Unveiling the Distinctions: Seasoned vs. Unseasoned Cast Iron

Seasoned vs. unseasoned cast iron – What’s the difference?

Cast iron cookware has been a kitchen staple for centuries, known for its durability and excellent heat retention. When it comes to cast iron, there is often a debate over whether to use seasoned or unseasoned cookware. In this article, we will explore the key differences between seasoned and unseasoned cast iron and why seasoning is important.

What is cast iron seasoning?

Cast iron seasoning is the process of creating a protective coating on the surface of the cookware. This layer is formed by applying a thin layer of oil and heating it at high temperatures. The heat causes the oil to bond with the iron, creating a nonstick surface through a process called polymerization. Seasoning not only enhances the cooking experience, but also prevents rust and corrosion.

Difference between seasoned and unseasoned cast iron

When shopping for cast iron cookware, you may come across both seasoned and unseasoned options. Unseasoned cast iron has a distinctive matte gray finish, while seasoned cast iron has a smooth black patina. Manufacturers often sell pre-seasoned cast iron with a light protective coating. However, this seasoning is usually not sufficient for optimal cooking performance.
If you choose to cook with unseasoned cast iron, it may take longer to heat up and food is more likely to stick to the surface. To overcome this, you will need to preheat unseasoned cast iron on a medium flame for about 10-15 minutes before use. Seasoned cast iron, on the other hand, offers a smooth, nonstick surface that makes cooking and cleaning easier.

How to season cast iron

Seasoning your cast iron cookware properly is essential to its longevity and performance. Here is a step-by-step guide to seasoning cast iron:

  1. Wash the pan: Contrary to popular belief, it is safe to wash a cast iron skillet with mild soap and water. Use a minimal amount of soap to remove food particles and rust. Avoid using a dishwasher as it can damage the seasoning.
  2. Dry the skillet: Dry the skillet thoroughly to remove any moisture. You can use a paper towel or lint-free cloth to make sure it is completely dry.
  3. Apply oil: Choose a cooking oil with a high smoke point, such as canola, corn, or vegetable oil. Using a paper towel or lint-free cloth, apply a thin layer of oil to the entire surface of the pan, both inside and out. Avoid using too much oil, as it may leave a sticky residue.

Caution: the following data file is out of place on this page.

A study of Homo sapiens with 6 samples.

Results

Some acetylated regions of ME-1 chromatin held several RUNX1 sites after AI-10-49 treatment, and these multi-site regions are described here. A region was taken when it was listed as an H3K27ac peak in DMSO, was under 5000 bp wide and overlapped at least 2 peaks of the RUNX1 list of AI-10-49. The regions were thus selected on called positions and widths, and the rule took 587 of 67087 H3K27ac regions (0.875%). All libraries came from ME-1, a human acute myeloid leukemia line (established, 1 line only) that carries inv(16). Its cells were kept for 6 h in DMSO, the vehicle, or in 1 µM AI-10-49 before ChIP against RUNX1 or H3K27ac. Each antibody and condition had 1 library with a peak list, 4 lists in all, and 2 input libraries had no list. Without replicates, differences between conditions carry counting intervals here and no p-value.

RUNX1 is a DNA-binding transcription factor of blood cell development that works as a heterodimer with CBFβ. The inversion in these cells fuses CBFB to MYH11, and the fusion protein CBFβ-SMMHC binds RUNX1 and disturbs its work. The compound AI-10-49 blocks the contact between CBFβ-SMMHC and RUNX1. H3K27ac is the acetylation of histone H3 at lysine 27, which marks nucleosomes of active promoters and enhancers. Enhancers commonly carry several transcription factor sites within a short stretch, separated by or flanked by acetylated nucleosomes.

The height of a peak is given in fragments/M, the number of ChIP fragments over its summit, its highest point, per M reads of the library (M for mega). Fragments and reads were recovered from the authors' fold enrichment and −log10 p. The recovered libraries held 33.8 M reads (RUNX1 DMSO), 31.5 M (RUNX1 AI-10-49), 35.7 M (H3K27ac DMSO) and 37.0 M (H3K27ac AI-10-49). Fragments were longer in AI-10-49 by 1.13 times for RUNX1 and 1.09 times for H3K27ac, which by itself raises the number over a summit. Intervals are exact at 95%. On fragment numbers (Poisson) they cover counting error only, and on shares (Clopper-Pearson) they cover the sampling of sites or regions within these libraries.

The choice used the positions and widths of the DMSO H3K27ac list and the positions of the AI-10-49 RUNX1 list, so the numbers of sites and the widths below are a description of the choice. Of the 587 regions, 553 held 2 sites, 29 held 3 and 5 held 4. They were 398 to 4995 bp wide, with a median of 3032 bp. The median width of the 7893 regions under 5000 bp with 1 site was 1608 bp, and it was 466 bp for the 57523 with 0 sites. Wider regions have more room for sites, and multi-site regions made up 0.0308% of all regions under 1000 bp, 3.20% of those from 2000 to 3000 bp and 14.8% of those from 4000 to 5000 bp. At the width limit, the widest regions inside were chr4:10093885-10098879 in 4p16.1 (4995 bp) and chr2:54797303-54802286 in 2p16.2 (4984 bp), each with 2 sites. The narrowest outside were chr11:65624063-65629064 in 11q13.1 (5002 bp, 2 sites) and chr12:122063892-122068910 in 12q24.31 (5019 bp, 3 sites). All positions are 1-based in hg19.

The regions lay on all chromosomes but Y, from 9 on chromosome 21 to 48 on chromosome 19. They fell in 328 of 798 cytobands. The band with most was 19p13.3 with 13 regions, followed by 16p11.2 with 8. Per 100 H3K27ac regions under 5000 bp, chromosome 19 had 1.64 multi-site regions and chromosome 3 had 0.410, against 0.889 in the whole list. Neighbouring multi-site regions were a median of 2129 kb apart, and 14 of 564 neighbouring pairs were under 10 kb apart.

4. Heat in the oven: Preheat your oven to 450°F (232°C) and place the oiled cast iron skillet upside down on the center rack. This will prevent oil from collecting on the cooking surface. Place the skillet in the oven for about 30 minutes, then turn off the oven and allow the skillet to cool inside. Repeat this process several times for a thicker layer of seasoning.

Benefits of Seasoned Cast Iron

Seasoned cast iron offers several advantages that make it a popular choice among home cooks and professional chefs:

  1. Nonstick surface: The seasoning layer creates a natural nonstick surface that reduces the chance of food sticking to the pan.
  2. Improved cooking performance: Seasoned cast iron provides even heat distribution for better cooking results.
  3. Easy to clean: The non-stick surface makes cleaning a breeze. Simply wipe off food residue with a paper towel or, if necessary, rinse with water and mild soap.
  4. Rust and corrosion resistance: The seasoning layer acts as a barrier, protecting the cast iron from rust and corrosion caused by moisture and oxygen in the air.


In summary, the main difference between seasoned and unseasoned cast iron is the presence of a protective layer of seasoning. Seasoned cast iron provides a nonstick surface, improved cooking performance and easier cleaning. Proper seasoning of your cast iron cookware is critical to maintaining its durability and longevity. By following the steps outlined in this article, you can enjoy the benefits of seasoned cast iron and enhance your cooking experience.


What is the main difference between seasoned and unseasoned cast iron?

The main difference is the presence of a protective layer of seasoning. Seasoned cast iron has a smooth, non-stick surface, whereas unseasoned cast iron has a rougher texture.

Can I cook on unseasoned cast iron?

Yes, you can cook on unseasoned cast iron. However, more oil may be needed to prevent food from sticking to the surface. Pre-heating the unseasoned cast iron before use can also improve its cooking performance.

Why should I season my cast iron cookware?

Seasoning your cast iron cookware helps create a natural non-stick surface, improves heat retention, prevents rust and corrosion and makes it easier to clean. It also improves the overall cooking experience.

How often should I season my cast iron cookware?

It is recommended that you season your cast iron cookware regularly or when the seasoning starts to wear off. The frequency may vary depending on use, but a good rule of thumb is to season every few months or as needed.

Can I use soap to clean seasoned cast iron?

Yes, you can use mild soap and water to clean seasoned cast iron. Contrary to popular belief, using soap will not remove the seasoning. However, it’s important to avoid harsh scrubbing or abrasive cleaners that can damage the seasoning.

What type of oil should I use to season cast iron?

High smoke point oils such as rapeseed, corn or vegetable oil are commonly used for seasoning cast iron. These oils can withstand the high temperatures required for the seasoning process and help to create a durable non-stick coating.